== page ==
Charles XII had already lost the battle of Poltava in the course of the winter of 1708/1709. This is when his army was marching through Russia. There, it was cold, much colder than the Swedes had imagined. Their clothes were insufficient and their supplies non existent. Charles set off with 60,000 men and by early spring only every second man was still alive. But what was worse, in military terms, were the deaths of the horses. They transported the artillery. Without them, Charles had to leave the majority of his cannons behind.
The Battle of Poltava, painting by Denis Martens the Younger, 1726.
And for that, he had to pay the price at Poltava, which he started to lay siege on in the beginning of April of 1709. Because he was missing gun powder, ammunition and cannons, he was not able to launch an artillery barrage. This gave Peter time to bring the Russian army closer: 42,500 men with 102 cannons. A powerful opponent was created and even Charles acknowledged that. He hesitated to attack. And again, the Russians used the time to fortify their position by building trenches. The Swedes were caught between the fortress of Poltava and the Russian camp.
Charles must have been pretty desperate when he saw all this on one of his survey trips. Plus he sustained a bad injury, the first the young man ever endured. His left foot was shattered by a bullet. Nonetheless, he called an attack.
When the Swedish soldiers attacked on July 8th, 1709, at 2 in the morning they ran straight into a trap. Peter’s scouts had reported the movements of the enemy troops. No more surprise effect. The Swedes were pushed back and the Russians started to form their combat formation.
It was nine in the morning when the real battle began. The Russian front was about 500 meters longer than the Swedish – that’s how predominant their position was. But still, instead of calling for retreat, Charles called for an attack from his sick bed. Perhaps, having been a successful army general so far, he just could not imagine defeat.
Peter lead the counter attack himself and got so close to enemy fire, that a bullet struck his hat.
Gold medal on the Battle of Poltava, 1760, based on the original medal of 1709. This specimen in extremely fine condition, which will be auctioned off on February 4th, 2016 at the Künker Berlin-Auction under lot 714, is estimated with 20,000 euros.
Many Swedish soldiers would have been happy, if a bullet would have only caught their hats. They were cannon fodder for the Russian artillery. It is this moment that we see on the medal, which will go over the auction block on February 4th, 2016 at the Künker Berlin-Auction: the artillery takes over the battle field. Commanded by Russian generals – Peter himself, on a rearing horse, is shown in the center of action – musketeers and cannons are firing away. While more and more Russians are marching towards the scene, there is only a small number of enemies visible, shot dead on the ground.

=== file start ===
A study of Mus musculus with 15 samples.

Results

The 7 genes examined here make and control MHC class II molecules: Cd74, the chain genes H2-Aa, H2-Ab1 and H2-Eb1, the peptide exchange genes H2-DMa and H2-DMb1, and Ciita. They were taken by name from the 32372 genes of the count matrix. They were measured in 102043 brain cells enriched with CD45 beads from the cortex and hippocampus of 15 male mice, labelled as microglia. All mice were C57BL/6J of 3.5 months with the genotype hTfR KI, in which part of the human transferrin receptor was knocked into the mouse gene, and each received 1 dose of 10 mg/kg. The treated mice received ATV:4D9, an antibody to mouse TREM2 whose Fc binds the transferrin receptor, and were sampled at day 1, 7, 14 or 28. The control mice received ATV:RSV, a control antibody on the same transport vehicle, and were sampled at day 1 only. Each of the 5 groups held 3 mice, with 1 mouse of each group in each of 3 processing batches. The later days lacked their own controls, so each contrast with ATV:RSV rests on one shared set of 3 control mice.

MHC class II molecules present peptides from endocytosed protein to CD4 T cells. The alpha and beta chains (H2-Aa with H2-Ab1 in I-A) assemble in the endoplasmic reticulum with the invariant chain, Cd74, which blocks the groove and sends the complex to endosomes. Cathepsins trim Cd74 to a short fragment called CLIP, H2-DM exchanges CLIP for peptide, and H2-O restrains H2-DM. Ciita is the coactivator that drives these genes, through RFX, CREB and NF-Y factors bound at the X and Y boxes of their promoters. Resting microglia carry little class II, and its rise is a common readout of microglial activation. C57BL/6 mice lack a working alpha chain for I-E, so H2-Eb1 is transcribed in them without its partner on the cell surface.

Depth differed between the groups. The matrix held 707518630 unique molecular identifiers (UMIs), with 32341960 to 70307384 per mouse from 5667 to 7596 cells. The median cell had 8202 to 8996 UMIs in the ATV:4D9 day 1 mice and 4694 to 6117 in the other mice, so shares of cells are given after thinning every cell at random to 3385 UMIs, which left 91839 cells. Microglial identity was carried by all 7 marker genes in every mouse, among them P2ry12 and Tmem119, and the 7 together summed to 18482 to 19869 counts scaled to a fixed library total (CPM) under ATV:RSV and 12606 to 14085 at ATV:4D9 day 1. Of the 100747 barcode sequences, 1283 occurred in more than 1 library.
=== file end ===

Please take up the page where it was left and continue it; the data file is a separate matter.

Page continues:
Tsar Peter and his entourage inspecting the Swedish captives after the Battle of Poltava. Painting by Aleksey Danilovich Kivshenko, 1887.
How many Swedes died? Nobody counted them and the numbers vary. What is certain, is that it were many more than the 1,345 dead Russians on the battle field. A great number of Swedish soldiers also were taken prisoner. On the night of the battle, Peter held a great banquet for them, during which he called his guests great teachers on the subject of the art of war.
Charles XII had fled. He stayed in exile in the Ottoman Empire for six years. The Nordic War still was not over, but an important turn of events had taken place, which favored Russia.
The victory at Poltava was decisive for the self-esteem of Russia. Therefore, it was publicly celebrated. That is also why for centuries every Russian coin collector wanted to own one of the medals which was handed to the officers who took part in the battle. At first, they were re-struck with the original dies, but when the dies were too worn Catherine II ordered to produce new dies after the design of the originals. The reverse of the new dies was cut by the Englishman Benjamin Scott, who, between 1748 and 1761, was working in Russia. His student, Samoil Judin, was responsible for the obverse. Finally, about 1760, the medal was struck.
It not only displays a great Russian military achievement, but also represents the commitment of Russian coin collectors, who, for centuries, have been proud to own a medal, which commemorates one of the biggest victories of a Russian Czar.